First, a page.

Avatar of admin


The Trouble with Pop Economics

July 18, 2014 in Economics

By Matt McCaffrey


John Lott writes in Barron’s that we should be sceptical of the populist economics trend that’s been prevalent in the past few years. Specifically, Lott criticizes Steven Levitt and Stephen Dubner, authors of Freakonomics, for peddling a kind of “naïve economics” that fascinates readers, but doesn’t hold up to serious scrutiny (rather than “naïve economics,” maybe “economics for the naïve” would be better).

I’ve been working through some similar ideas myself, especially in a new paper criticizing aspects of the pop econ literature. I should point out that these books—including Freakonomics and its many imitators—do have a reasonable goal, namely, to bring the economic point of view to the general public. Now, the fact that economics needs a special literature to explain its ideas to the public is telling, and to some extent an indictment of how the profession has developed (e.g. into an abstract and often excessively technical discipline). Still, as writers like Hazlitt show, it’s a great advantage to be able to communicate economic ideas simply and powerfully. But while in general we should welcome economic writing for non-economists, too often pop econ forgets to stop when descending the ivory tower, and ends up on the intellectual parking sublevel.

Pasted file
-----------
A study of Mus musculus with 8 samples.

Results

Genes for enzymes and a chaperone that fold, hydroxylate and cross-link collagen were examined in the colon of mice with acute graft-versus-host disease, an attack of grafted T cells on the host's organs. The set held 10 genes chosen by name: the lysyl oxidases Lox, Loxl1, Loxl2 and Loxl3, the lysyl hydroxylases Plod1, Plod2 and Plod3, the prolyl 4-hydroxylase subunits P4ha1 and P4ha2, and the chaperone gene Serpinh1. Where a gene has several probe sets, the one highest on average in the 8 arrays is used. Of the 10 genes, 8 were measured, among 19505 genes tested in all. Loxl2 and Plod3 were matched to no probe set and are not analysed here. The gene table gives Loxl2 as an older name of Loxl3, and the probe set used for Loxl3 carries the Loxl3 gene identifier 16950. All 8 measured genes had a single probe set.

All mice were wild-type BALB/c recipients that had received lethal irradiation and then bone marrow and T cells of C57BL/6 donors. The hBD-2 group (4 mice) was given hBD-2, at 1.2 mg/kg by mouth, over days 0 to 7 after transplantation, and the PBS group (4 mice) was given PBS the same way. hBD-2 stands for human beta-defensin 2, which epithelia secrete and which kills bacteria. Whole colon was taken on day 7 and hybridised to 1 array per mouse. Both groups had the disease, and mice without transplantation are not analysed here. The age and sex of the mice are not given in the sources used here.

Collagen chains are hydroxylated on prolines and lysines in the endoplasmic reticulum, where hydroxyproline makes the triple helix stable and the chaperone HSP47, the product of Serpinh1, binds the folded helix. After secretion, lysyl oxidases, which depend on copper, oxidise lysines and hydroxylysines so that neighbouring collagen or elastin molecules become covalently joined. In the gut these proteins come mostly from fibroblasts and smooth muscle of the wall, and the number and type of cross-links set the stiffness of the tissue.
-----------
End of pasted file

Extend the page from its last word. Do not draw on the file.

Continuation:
Of course, there is a lot that could be said for and against pop writings, which come in all shapes and sizes. But there are a few common threads in the literature that I think give a misleading view of what economics is fundamentally about. One of these is the tendency of pop writers to define economics as the study of incentives. This idea goes back at least to Steve Landsburg’s book The Armchair Economist (1993), which was basically the founding document of pop economics. As he puts it, “Most of economics can be summarized in four words: ‘People respond to incentives.’ The rest is commentary” (p. 3).

The same idea is repeated in other books in the pop genre. Freakonomics, for instance, states that “Incentives are the cornerstone of modern life. And understanding them—or, often, ferreting them out—is the key to solving just about any riddle” (p. 13; emphasis in original). The hyperbole about incentives is impressive: “An incentive is a bullet, a lever, a key: an often tiny object with astonishing power to change a situation” (p. 20).

The trouble with the incentive-based view of economics is that it is far too narrow. An incentive is …read more


Leave a reply

You must be logged in to post a comment.